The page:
Acquired Brain Injury Ireland expert gives advice on coping with an 'anxiety pandemic'

Acquired Brain Injury Ireland expert gives advice on coping with an 'anxiety pandemic'

Worrying is not dangerous and despite the old saying, you won't go mad worrying, says neuropsychologist, Dr Brian Waldron, who has advice for coping with the Covid-19 crisis.

Dr Waldron is Acquire Brain Injury Ireland's principal clinical neuropsychologist and he specialises in understanding the relationship between the physical brain and behaviour.

“Everyone of us will experience significant anxiety and stress during the coming weeks,” says Dr Waldron.

On St Patrick's Day, Taoiseach Leo Varadkar described fear like a virus in itself in his address to the nation and urged people to take regular breaks from watching the news.

Dr Waldron, who echoes Mr Varadkar's advice, says everyone will experience significant anxiety and stress during the coming weeks.

“We can't control everything in our lives and the current coronavirus pandemic is a major example,” he says.

Having disrupted sleep, waking at night, and having unusual dreams are to be expected during the coronavirus pandemic.

However, there are things we can do to help manage and control the emotional impact.

Dr Waldron says people have both positive and negative beliefs about worry.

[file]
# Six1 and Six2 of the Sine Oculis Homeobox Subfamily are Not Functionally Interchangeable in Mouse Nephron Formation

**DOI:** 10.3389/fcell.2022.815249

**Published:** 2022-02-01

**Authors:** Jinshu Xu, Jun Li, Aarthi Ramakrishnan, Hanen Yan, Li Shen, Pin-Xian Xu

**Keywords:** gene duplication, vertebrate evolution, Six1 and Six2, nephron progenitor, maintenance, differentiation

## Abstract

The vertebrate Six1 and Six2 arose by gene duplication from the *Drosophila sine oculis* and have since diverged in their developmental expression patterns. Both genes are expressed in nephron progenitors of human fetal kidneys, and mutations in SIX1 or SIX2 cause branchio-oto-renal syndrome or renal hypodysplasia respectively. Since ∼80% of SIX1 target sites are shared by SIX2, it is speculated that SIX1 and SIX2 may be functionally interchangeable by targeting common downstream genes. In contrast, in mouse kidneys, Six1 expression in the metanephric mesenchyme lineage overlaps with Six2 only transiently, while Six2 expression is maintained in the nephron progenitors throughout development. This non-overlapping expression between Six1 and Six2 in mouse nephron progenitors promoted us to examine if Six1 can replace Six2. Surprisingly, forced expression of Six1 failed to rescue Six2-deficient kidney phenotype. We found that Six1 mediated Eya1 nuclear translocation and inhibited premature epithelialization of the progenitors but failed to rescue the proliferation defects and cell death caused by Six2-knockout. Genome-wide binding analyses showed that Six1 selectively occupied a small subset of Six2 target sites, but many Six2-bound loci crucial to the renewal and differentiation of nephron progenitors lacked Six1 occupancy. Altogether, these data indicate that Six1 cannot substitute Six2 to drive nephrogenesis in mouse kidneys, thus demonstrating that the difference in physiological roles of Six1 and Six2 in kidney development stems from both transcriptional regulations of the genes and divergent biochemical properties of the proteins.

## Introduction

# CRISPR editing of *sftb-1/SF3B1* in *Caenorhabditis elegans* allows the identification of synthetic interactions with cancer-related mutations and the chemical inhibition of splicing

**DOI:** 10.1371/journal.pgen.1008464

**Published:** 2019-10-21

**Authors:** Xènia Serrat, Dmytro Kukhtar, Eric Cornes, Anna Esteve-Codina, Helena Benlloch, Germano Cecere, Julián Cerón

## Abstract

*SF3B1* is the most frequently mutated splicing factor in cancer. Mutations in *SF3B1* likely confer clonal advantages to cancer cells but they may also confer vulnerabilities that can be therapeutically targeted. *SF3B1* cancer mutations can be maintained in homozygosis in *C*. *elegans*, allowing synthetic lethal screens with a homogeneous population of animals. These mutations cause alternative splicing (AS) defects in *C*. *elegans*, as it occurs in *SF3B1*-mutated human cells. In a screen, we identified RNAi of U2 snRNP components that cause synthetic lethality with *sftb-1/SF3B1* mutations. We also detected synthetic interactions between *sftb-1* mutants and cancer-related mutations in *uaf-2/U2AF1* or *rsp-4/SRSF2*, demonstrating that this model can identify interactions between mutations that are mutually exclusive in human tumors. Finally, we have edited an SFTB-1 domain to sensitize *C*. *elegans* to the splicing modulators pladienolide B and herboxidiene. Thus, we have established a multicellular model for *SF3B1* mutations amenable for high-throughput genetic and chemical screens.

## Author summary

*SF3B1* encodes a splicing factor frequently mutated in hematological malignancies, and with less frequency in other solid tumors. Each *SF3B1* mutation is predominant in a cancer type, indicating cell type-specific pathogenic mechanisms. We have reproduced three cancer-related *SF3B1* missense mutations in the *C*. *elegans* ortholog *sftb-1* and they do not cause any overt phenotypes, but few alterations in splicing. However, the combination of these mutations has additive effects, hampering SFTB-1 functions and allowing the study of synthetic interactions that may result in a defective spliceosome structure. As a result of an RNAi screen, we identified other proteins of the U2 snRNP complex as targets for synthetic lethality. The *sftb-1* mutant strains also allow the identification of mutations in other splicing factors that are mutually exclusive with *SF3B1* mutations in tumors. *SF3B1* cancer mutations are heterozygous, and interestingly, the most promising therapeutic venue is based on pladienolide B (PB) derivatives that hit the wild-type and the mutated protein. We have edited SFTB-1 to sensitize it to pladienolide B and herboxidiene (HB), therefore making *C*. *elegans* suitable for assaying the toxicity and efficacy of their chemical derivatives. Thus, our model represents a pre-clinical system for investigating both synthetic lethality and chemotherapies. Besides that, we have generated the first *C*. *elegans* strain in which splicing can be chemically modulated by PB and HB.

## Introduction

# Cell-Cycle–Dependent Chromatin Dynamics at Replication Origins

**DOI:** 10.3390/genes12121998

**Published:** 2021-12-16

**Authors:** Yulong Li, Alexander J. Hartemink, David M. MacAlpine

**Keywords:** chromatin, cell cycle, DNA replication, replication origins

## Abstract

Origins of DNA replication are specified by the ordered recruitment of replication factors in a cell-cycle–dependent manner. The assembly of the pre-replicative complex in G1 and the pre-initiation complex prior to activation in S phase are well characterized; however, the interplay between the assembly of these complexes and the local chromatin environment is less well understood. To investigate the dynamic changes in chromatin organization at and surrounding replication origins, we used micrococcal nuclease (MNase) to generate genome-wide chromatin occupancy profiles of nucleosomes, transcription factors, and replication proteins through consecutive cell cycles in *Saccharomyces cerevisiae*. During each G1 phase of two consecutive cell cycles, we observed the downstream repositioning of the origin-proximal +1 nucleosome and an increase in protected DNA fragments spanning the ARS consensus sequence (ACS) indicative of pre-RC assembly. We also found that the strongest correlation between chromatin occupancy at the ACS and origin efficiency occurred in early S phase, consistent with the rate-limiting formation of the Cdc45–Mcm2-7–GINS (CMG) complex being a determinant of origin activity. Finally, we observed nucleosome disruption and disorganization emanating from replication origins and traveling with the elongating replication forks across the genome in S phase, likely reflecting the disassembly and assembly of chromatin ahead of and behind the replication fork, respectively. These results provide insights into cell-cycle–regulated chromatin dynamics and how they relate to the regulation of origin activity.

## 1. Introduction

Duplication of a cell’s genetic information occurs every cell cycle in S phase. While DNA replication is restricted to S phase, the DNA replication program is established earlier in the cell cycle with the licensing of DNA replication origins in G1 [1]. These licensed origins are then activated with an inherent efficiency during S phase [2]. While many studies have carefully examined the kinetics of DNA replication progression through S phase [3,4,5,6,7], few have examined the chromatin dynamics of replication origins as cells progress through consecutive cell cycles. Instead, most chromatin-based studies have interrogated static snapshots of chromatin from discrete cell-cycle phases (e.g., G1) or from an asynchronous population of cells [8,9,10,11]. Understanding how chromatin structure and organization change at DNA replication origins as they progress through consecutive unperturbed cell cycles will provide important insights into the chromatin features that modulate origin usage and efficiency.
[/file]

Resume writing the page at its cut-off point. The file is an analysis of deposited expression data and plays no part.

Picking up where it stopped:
Those on the negative side often believe they have no control over worry; that worrying is dangerous and they may 'lose it', go mad or crack up.

“The good news is that none of these beliefs are true. Worrying isn't dangerous and you won't go mad from worrying,” he says.

Some believe worrying helps with problem-solving, reduces stress, promotes coping and helps them to be prepared.

Dr Walrdon says constant rumination about an issue like Covid-19 does not help deal with the problem and constant worrying does not help with coping and preparedness.

He urges everyone to introduce a 'worry period' in their day by setting aside 30 to 40 minutes to worry and problem solve.

Dr Waldron says people should use the time to write down their thoughts and fears and any practical action they may take over the coming days.

“Then after the 40 minutes are up, do something else,” he urges.

He also urges everyone to make an extra effort to pick up the phone and stay in touch with loved ones.

“Everyone is feeling fearful, sad and angry. So it's good to talk to your family and friends to share your thoughts and feelings.”

Also, one way to contain the anxiety pandemic is to limit exposure to graphic news stories or images by not watching the news around the clock.

“Choose a trusted source for information and stick to it,” Dr Waldron advises.

Here are other tips from Dr Waldron on coping with Covid-19.

  • • Practice stress reduction techniques such as mindfulness meditations.
  • • Stay busy, both mentally and physically.
  • • Keep a normal daily routine as much as possible,
  • • Avoid excessive amounts of caffeine or alcohol.
  • • A brief walk while social distancing is good.